A lot has been made of Facebook's rise as a referrer of video viewers. Even here at ReelSEO, we've mentioned it a couple of times. And indeed, Facebook is growing more rapidly than most sources in terms of traffic referred. But that may well be a short term trend. New research from Forrester Research, Inc., an independent technology research firm, shows that while social networking adoption is surging, actual social behavior online is slowing.
That's a fancy way of saying that there is growth in the number of people creating social networking accounts, but a drop in the number of people actually using the services. Which is just fascinating to me.
Specifically, the dip is among those users who describe themselves as "content creators”—people who publish blogs and create online videos. In fact, in most of the major markets surveyed, the number of these content creators has fallen or stayed the same.
Jacqueline Anderson of Forrester lays out the implications of these findings:
"A lack of growth in social creation translates into a lack of fresh ideas, content, and perspectives. The traits required to create social content are unique, and at this moment, the consumer market interested in these behaviors has plateaued.”
In an overly-simplified way of looking at it: content consumers are up, but producers are down… meaning we're headed for a shortage of content.
Now, it's important in understanding the implications of this research to know how Forrester classifies social networking users. Thankfully, they have this little chart:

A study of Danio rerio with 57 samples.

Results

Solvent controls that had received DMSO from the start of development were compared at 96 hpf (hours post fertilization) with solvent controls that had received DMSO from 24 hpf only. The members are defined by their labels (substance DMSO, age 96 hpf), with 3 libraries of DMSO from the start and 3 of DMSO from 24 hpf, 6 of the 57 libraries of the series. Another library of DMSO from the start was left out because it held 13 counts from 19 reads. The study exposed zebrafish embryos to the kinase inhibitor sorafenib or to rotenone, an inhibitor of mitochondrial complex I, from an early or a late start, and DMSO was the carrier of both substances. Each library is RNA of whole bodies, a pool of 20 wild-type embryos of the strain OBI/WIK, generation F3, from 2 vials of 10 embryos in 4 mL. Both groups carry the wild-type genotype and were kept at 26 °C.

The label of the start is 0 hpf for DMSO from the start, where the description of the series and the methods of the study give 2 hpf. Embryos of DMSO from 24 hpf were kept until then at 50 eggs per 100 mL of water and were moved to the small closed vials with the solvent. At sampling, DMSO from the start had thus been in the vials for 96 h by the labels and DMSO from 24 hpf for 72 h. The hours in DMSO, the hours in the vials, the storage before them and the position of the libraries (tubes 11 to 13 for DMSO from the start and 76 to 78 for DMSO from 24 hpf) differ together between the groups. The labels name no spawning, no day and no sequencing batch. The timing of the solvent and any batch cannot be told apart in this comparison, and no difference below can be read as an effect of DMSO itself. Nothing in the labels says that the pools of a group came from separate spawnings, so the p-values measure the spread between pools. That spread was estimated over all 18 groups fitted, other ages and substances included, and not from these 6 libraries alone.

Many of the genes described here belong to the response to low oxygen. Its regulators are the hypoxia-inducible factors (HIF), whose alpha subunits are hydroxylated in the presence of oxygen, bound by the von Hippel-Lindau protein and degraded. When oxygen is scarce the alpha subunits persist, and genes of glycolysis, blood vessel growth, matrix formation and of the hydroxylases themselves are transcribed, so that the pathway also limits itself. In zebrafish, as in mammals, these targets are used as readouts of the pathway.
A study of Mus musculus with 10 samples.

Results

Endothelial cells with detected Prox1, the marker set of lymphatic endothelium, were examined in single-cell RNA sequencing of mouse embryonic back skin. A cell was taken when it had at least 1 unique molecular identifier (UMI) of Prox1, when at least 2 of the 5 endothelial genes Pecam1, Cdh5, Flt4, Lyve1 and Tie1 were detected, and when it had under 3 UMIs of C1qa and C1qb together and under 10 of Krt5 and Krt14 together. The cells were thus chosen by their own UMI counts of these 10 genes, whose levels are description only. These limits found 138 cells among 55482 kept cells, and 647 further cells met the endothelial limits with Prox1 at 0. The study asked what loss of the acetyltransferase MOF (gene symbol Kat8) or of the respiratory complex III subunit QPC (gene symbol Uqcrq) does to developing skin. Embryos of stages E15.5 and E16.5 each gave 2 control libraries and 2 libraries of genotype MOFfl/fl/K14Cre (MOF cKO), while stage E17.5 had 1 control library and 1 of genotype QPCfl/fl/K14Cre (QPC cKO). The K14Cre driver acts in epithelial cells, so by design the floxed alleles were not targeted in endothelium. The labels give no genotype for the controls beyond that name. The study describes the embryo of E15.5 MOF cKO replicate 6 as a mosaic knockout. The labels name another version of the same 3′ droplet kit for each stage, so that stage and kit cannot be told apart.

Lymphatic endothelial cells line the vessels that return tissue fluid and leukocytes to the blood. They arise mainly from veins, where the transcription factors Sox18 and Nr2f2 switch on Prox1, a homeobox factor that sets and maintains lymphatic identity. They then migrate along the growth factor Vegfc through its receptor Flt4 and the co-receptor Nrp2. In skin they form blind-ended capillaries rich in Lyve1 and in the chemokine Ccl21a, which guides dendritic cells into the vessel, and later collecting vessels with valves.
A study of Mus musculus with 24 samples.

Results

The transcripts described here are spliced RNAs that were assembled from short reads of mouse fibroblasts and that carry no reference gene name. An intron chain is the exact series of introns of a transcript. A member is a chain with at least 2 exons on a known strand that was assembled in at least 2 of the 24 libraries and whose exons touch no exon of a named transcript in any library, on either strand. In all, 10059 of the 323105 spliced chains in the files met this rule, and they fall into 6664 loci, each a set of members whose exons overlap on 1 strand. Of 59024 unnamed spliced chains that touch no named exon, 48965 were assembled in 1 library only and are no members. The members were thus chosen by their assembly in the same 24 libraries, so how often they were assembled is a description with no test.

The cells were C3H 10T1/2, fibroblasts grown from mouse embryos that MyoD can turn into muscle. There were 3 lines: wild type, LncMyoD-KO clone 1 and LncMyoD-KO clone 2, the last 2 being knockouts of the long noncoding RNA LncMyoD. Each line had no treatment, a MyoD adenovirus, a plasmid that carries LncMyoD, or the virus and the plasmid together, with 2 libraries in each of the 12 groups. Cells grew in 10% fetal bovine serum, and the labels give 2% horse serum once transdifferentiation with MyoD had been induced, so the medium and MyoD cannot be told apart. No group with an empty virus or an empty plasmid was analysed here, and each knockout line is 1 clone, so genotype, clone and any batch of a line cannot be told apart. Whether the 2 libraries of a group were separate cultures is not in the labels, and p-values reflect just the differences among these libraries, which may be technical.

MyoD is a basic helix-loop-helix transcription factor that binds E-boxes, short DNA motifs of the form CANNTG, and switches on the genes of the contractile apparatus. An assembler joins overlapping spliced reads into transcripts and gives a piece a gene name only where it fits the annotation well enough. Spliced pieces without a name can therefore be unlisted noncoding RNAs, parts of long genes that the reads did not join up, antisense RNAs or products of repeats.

It's that top group—the Creators—that is showing signs of dropping, even while most of the rest of the "types" of users are seeing growth. Japan is the only region of the world showing growth in the Creators category.
So… what does all this mean? Well, maybe nothing. The number of content creators can technically be smaller than the consumers of that content, for sure—just look at how television has worked as an industry for the last few decades.
However, it seems likely that the growth of Facebook as a video referrer could slow. Certainly Facebook as a video platform will slow—meaning the number of people who use Facebook as the root starting point for distributing their videos will go down. That much seems certain.
But as long as people are willing to share videos they like that were created by other people, there should still be plenty of "referrals" coming from the social giant. After all, there's no requirement for creation in order to use social services… you simply need to share… regardless of who created it.
But the research isn't showing that the creators are smaller in number than the sharers… it's showing that the creators are dropping. That means that there are people who used to create blogs and videos for distribution through Facebook and Twitter who have now stopped doing that.
I'd be curious to know why. Did they run out of time in their lives? Has the economic woes of the United States (and the world, really) caused a dip in content creation (which is often a hobby for most users)? Or is it something about the social networking services themselves that's driving the content creators elsewhere? Are they finding better conversions and larger audiences by taking their content-creating behaviors to other sites?
I've long held a belief that Facebook's status as a platform for video is less-than-ideal, since only your "friends" can initially find your content, but I obviously can't say if that's the thinking that is driving the trend highlighted by the Forrester findings. It's probably a factor, at least.
Maybe the best place to go for actual first-hand accounts is our readership—most of whom are content creators themselves, or at least work closely with content creators. How do you use social media? Your clients? Are you actively creating content with the purpose of sharing it through Facebook or Twitter? Or are you finding other outlets for content creation work better? Let us know in the comments below.